The late Lowell Reece, a Pike County native, sounded the alarm about the pension crisis decades ago. His concerns were real, because we are right now amid a pension crisis. The most egregious example is the exorbitant legislative pensions of the General Assembly. Their pensions are, of course, better funded than those of teachers and other public employees, and as Lowell Reece wrote, the legislative pension is a metaphorical gold rush for those benefiting by it.

Before the General Assembly and the governor do one thing to address the Kentucky pensions for public employees and teachers, they must immediately address the excessive benefits bestowed upon legislators who were fortunate enough to vote themselves a hefty pension in 2005 under HB299. Known as “The Greed Bill,” it made legislators, like former state representative/former Agriculture Commissioner Jamie Comer, and now congressman, poster boys for largesse and abuse of the legislative pension system, which doubled and, in some instances, tripled their pensions.

I would support drastic cuts to the pension benefits paid out to legislators. The legislative pension benefits should reflect the fact that the General Assembly is not full-time but a part-time office. Nowhere in the private sector does a part-time worker receive such pension benefits, and neither should the members of the General Assembly.

This fact should serve as a backdrop for the upcoming special session that now may be pushed to November by some reports out of Frankfort. Legislators should lead by example, cut the excessiveness of their benefits before they vote to deny teachers adequate pension benefits. Once they demonstrate the will to cut their own pensions, they can then move to reform the pensions of state employees.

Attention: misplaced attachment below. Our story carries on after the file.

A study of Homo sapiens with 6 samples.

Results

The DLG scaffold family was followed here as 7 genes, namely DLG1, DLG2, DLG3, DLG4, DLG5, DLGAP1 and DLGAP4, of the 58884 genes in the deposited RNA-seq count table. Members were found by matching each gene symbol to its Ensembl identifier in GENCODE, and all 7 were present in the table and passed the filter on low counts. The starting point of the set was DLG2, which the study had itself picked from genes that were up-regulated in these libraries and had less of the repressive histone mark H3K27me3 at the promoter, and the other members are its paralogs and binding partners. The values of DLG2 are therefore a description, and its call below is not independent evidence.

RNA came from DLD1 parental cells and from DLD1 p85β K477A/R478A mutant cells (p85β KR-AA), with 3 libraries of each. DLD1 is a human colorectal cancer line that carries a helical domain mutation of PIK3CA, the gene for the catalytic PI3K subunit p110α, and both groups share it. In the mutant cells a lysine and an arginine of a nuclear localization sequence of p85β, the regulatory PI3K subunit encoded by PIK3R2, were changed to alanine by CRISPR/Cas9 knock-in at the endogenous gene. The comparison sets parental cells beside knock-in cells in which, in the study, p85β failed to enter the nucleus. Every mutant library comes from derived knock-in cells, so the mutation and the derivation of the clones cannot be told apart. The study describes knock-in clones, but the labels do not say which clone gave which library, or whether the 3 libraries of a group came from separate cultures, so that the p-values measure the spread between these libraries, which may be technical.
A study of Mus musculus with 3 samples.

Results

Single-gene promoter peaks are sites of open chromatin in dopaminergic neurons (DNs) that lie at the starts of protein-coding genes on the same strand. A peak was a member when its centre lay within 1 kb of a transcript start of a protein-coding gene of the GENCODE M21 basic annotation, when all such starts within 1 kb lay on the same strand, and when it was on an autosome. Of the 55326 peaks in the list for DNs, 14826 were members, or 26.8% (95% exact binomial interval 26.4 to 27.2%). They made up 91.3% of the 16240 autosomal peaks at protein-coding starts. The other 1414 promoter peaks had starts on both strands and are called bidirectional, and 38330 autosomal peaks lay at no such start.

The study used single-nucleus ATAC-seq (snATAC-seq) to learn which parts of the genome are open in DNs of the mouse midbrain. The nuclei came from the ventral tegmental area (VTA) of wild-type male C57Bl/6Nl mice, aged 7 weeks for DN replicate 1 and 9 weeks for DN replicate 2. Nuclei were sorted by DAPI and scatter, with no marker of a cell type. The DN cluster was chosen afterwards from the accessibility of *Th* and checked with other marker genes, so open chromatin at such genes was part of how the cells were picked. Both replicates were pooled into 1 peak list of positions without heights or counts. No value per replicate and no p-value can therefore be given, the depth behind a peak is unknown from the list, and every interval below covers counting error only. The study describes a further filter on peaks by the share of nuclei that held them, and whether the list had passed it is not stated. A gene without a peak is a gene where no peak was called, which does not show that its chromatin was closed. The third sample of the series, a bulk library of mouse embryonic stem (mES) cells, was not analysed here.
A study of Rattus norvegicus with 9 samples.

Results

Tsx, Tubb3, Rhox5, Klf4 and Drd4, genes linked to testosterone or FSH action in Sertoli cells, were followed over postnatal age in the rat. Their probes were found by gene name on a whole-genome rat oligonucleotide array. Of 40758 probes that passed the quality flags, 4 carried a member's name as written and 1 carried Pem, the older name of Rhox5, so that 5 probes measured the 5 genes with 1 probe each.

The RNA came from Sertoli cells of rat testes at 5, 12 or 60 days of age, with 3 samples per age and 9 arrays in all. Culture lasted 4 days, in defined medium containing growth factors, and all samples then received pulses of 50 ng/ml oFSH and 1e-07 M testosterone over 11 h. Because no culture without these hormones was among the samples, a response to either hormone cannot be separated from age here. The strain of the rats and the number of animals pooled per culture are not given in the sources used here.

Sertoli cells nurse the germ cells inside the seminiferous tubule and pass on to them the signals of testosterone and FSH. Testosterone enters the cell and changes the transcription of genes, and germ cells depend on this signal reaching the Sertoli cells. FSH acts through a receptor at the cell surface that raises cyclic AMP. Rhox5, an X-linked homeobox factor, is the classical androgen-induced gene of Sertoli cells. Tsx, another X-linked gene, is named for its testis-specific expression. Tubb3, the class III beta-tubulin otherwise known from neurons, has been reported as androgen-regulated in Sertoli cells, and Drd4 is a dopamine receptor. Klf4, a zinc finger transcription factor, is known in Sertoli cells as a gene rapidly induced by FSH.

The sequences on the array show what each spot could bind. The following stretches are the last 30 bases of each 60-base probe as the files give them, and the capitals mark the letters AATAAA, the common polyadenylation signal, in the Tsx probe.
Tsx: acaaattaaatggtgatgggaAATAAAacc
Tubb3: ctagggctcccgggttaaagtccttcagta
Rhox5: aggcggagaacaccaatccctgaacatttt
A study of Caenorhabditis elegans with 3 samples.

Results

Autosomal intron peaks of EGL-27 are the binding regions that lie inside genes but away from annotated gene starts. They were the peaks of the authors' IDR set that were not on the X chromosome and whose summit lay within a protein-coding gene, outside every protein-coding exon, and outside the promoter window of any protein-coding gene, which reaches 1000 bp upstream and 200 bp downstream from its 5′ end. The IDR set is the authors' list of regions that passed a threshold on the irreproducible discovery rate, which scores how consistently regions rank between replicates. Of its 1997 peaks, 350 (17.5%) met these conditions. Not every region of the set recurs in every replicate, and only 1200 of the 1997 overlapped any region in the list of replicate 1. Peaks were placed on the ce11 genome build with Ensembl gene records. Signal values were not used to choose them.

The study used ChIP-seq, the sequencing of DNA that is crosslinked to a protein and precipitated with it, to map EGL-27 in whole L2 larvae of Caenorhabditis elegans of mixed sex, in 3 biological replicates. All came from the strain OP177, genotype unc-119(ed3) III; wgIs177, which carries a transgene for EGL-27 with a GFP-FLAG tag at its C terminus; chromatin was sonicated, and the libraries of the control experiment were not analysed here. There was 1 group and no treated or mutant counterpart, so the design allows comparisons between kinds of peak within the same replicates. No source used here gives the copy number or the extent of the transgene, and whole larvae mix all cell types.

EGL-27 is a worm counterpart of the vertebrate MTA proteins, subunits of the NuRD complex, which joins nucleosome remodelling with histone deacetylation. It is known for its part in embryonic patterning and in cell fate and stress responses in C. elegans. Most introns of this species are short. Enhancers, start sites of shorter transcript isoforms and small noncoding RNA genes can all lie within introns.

The governor is to be applauded for willingness to touch this volatile issue, but it is fraught with political danger. It is much akin to what has been called the “third rail” of American politics — Social Security. You touch it and you risk political death. It is that politically dangerous to deal with this issue in Kentucky politics, but the day of reckoning has come.

Everyone acknowledges that something must be done to address the pension crisis. We are to a point of a complete meltdown in the system if immediate measures are not taken. Whatever those are will be debated and forged in the coming months. Every Kentuckian has a stake in the outcome. It could mean higher taxes. It could mean cuts to education — the largest piece of the state government’s budget. It could mean drastic measures are made to the structure of the pensions themselves, potentially denying current recipients promised benefits. One thing is for certain: If the pensions are not shored-up and made solvent, it will mean Kentucky’s economy will be severely impacted, leading to decades of economic woes for not only state and local government, but for businesses in Kentucky.

Should the fix be tax increases, provisions must have those taxes expire after a certain date and require all revenue go to the pension system, and not wasted on pet projects. Whatever the solution, the people need to voice their opinion now.